The wave of layoffs in Chinese internet companies is intensifying, with JD.com becoming the center of attention.
According to a document that has been circulating online, JD.com’s layoffs cover a wide range of business lines. The e-commerce company’s subsidiaries such as Jingxi, JD Worldwide, JD Retail, JD Logistics, and JD Technology have set layoff ratios, most of which are between 10 to 30 percent, with up to 100 percent of staff laid off at Jingxi Guangdong. Some media quoted senior insiders of JD.com as revealing that the layoffs have indeed started. JD.com has said this is just “normal optimization” of the business sector.
Notably, JD.com is not alone among Chinese internet companies in conducting major layoffs. Large-scale layoffs have been reported at Alibaba, Youzan, and other tech heavyweights as well. When a single company undergoes a large layoff, the issues at hand are arguably unique to the company. Yet, there have been centralized layoffs in several of China’s leading tech companies, suggesting industry-wide problems. Some analysts believe that the Chinese internet industry has begun to experience cyclical downward pressure, and most of these companies have seen growth slow down or even suffered losses.
Amid the unprecedented layoffs at Chinese internet giants, the pressure mainly comes from two aspects. First, in the current environment, Chinese economic growth continues to slow down and consumption has been sluggish, thereby hitting the business of tech companies. Second, there is pressure from regulatory authorities, causing some of the companies to adjust their business operations.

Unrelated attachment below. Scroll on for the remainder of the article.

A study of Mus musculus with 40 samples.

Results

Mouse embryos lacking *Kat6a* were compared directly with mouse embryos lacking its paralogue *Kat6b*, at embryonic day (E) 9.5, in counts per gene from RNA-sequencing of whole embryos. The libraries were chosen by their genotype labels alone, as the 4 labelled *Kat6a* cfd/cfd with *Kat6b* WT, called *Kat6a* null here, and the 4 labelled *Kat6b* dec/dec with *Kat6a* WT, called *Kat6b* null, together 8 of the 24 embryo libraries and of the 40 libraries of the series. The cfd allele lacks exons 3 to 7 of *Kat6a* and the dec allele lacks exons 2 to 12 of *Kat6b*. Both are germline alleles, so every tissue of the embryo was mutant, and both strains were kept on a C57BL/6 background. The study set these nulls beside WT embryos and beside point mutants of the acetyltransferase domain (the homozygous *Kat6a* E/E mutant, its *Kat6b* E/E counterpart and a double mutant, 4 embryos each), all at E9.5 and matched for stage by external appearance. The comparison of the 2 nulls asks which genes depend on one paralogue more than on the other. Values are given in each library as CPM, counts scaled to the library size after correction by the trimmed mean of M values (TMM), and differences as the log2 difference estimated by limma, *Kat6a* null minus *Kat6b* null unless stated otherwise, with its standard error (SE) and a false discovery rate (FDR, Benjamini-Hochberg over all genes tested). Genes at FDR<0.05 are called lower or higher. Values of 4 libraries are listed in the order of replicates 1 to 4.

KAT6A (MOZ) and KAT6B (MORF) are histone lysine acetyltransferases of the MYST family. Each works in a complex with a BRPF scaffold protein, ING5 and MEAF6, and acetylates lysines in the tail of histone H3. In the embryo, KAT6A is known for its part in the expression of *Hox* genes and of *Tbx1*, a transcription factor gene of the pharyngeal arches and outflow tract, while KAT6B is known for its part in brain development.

Now, it is the internet industry’s turn to encounter its own various problems. There has been less capital inflow, while more outflow has occurred. On top of that, the recovery of China’s domestic consumption has been sluggish. All these factors, coupled with the authorities’ continuous introduction of industry rectification policies, have affected the industry. The case of JD.com shows that the so-called capital flow is actually the withdrawal of capital by investors. This in turn affects listed companies and the industry as a whole, consequently hitting demand, consumption, and the market. The final result is the closure or dissolution of businesses, unemployment, and a large number of enterprises that exist in name only. When problems like this occur in different parts of the chain, the issue cannot be fixed merely through the adjustment of GDP data.
The performance of China’s tech heavyweights in the past two years is not entirely the problem of internet companies. In fact, the decline of the country’s economy started long before the outbreak of the COVID-19 pandemic. Under the backdrop of the economic downturn, internet companies with relatively concentrated resource accumulation began to be considered as the safest places to invest. Unless the market fails, internet companies would not fail. Yet this also means that the entire system could collapse if the elements that support it fail to function well.